Paul Cézanne hardly ever bothered to date (or even sign) his work, but we are able to approximate with Boy in the Red Vest because (1) this same young man sat for other Cézanne compositions in the early 1890s and (2) the interior here is that of his Paris studio in Rue d'Anjou. The identity of the sitter is a mystery, though he is dressed in an Italian costume here.
At this phase of his career, Cézanne had almost completely moved away from what he saw as the "unstructured" nature of Impressionism and was now concentrating instead on planes -- big, colorful, intersecting, complementary compositional forms. Note here the numerous intersecting diagonals: the legs, the table, the curtain, the wall, the vest and the boy's pose. That right arm is way out of proportion, but! The overall composition is perfectly balanced because of it.
About the Theft:
At around 4:30 p.m. on Sunday, February 10, 2008, three thieves wearing dark clothing and ski masks entered the E. G. Bührle Collection on the shores of Lake Zurich in Switzerland shortly before the facility was due to close for the day at 5:00 p.m. While one thief ordered visitors and staff, at gunpoint, to lay on the floor, the other two quickly stripped four side-by-side Impressionist and Post-Impressionist paintings from a wall in the "Music Room." Law enforcement officials speculate that these canvases were not stolen "to order," due to the fact that they were hanging together when taken, and also because more valuable works are on display elsewhere in the Collection. $91K (US) in reward money leading to the return of these paintings is reported to be available.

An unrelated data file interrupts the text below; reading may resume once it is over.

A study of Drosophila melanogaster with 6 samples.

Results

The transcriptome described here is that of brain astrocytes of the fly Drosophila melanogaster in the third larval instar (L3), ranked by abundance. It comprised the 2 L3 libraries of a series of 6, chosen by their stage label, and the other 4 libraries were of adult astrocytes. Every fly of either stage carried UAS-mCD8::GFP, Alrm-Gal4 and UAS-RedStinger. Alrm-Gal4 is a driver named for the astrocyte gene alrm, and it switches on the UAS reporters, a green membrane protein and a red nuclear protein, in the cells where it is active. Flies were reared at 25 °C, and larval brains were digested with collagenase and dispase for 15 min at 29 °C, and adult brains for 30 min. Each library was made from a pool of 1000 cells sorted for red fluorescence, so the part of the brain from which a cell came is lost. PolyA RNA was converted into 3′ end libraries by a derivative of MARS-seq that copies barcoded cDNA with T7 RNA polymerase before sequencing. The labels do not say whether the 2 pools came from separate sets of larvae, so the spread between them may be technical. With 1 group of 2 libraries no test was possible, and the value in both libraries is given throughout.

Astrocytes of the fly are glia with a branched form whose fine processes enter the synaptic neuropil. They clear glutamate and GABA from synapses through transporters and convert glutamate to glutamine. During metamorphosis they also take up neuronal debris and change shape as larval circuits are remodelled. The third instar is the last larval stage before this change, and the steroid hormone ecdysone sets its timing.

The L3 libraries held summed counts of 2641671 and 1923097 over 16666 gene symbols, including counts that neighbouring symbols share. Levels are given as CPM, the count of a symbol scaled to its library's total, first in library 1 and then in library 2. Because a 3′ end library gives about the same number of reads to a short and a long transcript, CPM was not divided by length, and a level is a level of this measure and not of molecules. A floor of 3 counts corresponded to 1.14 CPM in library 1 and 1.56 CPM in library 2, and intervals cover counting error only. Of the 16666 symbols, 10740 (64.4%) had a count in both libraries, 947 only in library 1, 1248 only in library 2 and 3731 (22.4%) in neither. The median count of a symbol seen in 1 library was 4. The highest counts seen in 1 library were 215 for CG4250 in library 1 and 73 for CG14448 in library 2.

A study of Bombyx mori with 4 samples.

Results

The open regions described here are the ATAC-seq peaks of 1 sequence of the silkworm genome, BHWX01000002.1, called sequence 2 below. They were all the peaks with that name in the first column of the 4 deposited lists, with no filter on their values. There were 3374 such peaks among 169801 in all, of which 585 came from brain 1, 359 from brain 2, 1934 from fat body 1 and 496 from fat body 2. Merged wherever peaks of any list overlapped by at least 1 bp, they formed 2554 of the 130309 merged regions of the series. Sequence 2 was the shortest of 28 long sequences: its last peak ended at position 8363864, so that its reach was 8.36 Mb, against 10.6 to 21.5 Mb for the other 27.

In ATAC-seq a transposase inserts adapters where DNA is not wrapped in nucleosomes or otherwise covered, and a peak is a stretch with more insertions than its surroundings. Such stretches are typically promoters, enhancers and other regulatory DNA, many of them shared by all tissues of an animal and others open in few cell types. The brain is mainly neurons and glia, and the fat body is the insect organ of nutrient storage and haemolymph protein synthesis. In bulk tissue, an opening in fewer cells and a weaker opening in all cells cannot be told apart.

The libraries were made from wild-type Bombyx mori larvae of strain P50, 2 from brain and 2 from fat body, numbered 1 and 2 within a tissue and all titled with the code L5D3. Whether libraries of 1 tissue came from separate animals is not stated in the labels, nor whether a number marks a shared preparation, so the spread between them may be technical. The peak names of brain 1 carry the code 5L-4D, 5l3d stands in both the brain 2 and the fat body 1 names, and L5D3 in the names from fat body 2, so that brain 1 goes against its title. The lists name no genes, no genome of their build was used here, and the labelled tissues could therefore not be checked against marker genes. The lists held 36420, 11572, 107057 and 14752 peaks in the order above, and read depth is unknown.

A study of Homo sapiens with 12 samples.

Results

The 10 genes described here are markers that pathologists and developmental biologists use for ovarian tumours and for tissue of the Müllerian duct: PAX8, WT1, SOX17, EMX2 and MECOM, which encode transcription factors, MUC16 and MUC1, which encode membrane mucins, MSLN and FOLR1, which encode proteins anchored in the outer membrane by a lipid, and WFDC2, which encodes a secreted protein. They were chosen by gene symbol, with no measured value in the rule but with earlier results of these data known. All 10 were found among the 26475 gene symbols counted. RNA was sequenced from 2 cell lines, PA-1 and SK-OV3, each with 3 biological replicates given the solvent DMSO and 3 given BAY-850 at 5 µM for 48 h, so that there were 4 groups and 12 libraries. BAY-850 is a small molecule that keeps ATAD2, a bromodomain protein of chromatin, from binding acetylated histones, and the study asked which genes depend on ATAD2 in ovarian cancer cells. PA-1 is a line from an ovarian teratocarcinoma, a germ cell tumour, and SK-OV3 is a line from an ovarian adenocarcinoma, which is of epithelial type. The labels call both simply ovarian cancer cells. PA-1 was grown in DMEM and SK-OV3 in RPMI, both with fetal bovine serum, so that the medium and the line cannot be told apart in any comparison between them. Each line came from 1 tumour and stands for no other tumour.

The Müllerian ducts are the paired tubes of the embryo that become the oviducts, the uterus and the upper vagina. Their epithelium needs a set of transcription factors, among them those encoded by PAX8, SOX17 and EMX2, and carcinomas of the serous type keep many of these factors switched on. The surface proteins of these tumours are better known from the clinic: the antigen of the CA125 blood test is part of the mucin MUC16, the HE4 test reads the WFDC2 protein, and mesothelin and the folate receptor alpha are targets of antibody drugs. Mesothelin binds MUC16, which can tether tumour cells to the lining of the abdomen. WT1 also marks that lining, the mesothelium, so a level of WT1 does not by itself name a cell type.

About the Recovery
Boy in the Red Vest was the last canvas (of four, total) to be recovered from the 2008 Bührle Collection robbery. It was found between the ceiling upholstery and the roof of a van during a joint Swiss and Serbian police raid that occurred April 11-12, 2012, in a Belgrade suburb. Four men -- allegedly the robbery mastermind and three accomplices -- were arrested and will stand trial in Serbia.
The raid itself had been planned since 2010, and was executed as the men were moving the painting to a rendezvous with a buyer. According to Serbian Interior Minister Ivica Dacic, a wealthy Serb had agreed to pay $4.6 million (US) for the Cézanne -- a fraction of its estimated $110 million value. Along with the canvas, the men also had nearly $2 million in cash and weapons in the van.